Post-closing purchase price and working capital adjustments are common in mergers and acquisitions, as are disputes between the transaction parties regarding such adjustments. Given the technical nature of these provisions, transaction agreements often provide that these disputes are to be resolved by a neutral arbitrator, such as an independent accounting firm, instead of courts through traditional litigation. In Alliant Techsystems, Inc v MidOcean Bushnell Holdings, LP(1) the Delaware Chancery Court decided a case in which the parties contested the question of whether their dispute over accounting methodology, arising in connection with working capital adjustment procedures, was to be heard by an independent accounting firm or a court. This opinion, together with other recent Delaware cases considering arbitration provisions,(2) highlights the need for drafters to carefully consider the scope of review that arbitrators may undertake in resolving disputes over purchase price adjustments.
The dispute arose as the parties were working through the post-closing purchase price adjustment mechanics set out in the purchase agreement. Alliant Techsystems, Inc (ATK) challenged MidOcean Bushnell Holdings LP's estimate of net working capital, contending that it did not comply with US Generally Accepted Accounting Principles (GAAP). When the parties could not reach an agreement on the net working capital amount, ATK sought to have an independent accounting firm arbitrate the dispute, as provided for by the purchase agreement's provisions governing the purchase price adjustment process. MidOcean countered that disputes over accounting methodology had to be resolved by a court under the agreement's indemnification provisions. According to MidOcean, ATK needed to allege that MidOcean had breached its contractual representations that the financial statements were prepared in accordance with GAAP and could not bring such a dispute under the agreement's purchase price adjustment provisions.
ATK asked the Delaware Chancery Court to order specific performance, compelling MidOcean to submit the accounting dispute to arbitration, while MidOcean sought a declaration that the dispute be resolved under the agreement's indemnification provisions.
The court found in favour of ATK, finding that the agreement required the parties to submit their dispute to arbitration. It observed that the agreement required MidOcean's pre-closing estimate of net working capital to conform to the definition of 'net working capital' in the agreement, and that this definition provided that net working capital was to be "calculated in accordance with GAAP and otherwise in a manner consistent with the practices and methodologies used in the preparation of the Financial Statements". Therefore, in preparing its post-closing calculation of net working capital - also in accordance with the definition of "net working capital" in the agreement - ATK was not bound to follow the methodology used in the three financial statements to the extent that such methodology was not consistent with GAAP, and the resulting discrepancy in the parties' net working capital calculations properly fell within the purchase price adjustment procedures of the agreement. Given this conclusion, the provision in the agreement stating that purchase price disputes were to be arbitrated by an accounting firm applied and the court entered an order for specific performance, compelling the parties to submit their dispute to arbitration.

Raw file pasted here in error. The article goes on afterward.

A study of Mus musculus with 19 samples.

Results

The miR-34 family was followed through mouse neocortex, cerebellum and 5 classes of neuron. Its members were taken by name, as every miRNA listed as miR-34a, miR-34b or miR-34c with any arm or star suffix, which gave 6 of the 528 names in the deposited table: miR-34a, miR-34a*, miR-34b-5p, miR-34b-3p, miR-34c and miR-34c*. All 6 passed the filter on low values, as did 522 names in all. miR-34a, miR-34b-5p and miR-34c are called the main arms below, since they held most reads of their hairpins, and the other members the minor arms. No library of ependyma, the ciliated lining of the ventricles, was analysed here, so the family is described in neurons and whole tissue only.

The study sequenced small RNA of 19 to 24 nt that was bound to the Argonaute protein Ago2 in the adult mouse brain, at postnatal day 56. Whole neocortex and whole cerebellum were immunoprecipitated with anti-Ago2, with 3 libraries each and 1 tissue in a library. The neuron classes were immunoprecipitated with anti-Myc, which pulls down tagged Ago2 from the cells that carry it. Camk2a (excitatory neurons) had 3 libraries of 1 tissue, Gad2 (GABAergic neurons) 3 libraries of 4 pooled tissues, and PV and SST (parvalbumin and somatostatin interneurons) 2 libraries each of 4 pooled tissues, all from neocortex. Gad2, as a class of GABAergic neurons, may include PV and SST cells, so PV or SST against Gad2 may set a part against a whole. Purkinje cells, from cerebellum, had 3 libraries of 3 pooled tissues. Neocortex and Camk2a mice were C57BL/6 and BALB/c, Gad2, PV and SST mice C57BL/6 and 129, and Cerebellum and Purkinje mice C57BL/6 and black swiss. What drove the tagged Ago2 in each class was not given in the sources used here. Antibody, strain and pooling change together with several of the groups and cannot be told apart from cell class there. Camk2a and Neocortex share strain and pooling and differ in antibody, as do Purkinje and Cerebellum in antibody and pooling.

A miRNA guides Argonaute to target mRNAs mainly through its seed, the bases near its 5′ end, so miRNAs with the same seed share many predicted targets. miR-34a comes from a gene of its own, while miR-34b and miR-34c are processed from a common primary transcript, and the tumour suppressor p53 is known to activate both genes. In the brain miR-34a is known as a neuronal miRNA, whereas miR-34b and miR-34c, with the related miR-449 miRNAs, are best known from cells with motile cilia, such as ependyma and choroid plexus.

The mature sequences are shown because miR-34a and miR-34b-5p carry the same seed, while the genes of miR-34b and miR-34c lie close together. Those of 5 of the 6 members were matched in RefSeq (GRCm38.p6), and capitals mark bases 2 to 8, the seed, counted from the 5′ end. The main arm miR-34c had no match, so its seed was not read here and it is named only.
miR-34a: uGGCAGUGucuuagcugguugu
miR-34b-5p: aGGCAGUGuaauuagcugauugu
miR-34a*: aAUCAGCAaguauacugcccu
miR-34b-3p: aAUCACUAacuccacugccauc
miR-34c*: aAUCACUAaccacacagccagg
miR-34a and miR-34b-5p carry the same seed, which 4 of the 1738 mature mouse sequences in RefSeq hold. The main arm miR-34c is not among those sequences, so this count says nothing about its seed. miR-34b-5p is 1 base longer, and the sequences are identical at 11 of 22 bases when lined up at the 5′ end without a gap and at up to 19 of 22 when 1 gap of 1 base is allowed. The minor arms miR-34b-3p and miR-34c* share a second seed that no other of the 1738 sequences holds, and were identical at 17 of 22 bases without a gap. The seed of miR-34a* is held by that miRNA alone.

In reaching this decision, the court rejected claims from MidOcean that:
- the parties intended for the accounting firm to resolve only issues of "pure mathematics";
- an exclusive remedy provision in the agreement's indemnification provisions should have governed the dispute; and
- prior precedents required disputes over accounting methodologies to be decided under indemnification provisions in acquisition agreements.
This decision highlights the care that practitioners must use in crafting purchase price adjustment provisions in order to prevent unwanted outcomes with respect to post-closing disputes. Parties may wish to specify in the purchase price adjustment provisions whether questions of accounting methodology will be resolved using the arbitration mechanism or by the courts.
For further information on this topic please contact James Lidbury at Ropes & Gray LLP's Hong Kong office by telephone (+852 3664 6488) or email (firstname.lastname@example.org). Alternatively, contact Justin M Voeks at Ropes & Gray LLP's Chicago office by telephone (+1 312 845 1200) or email (email@example.com). The Ropes & Gray website can be accessed at www.ropesgray.com.
(1) CA No 9813-CB (Del Ch Apr 24 2015, rev Apr 27 2015).
(2) For example, Weiner v Milliken Design, Inc and Garda USA v SPX.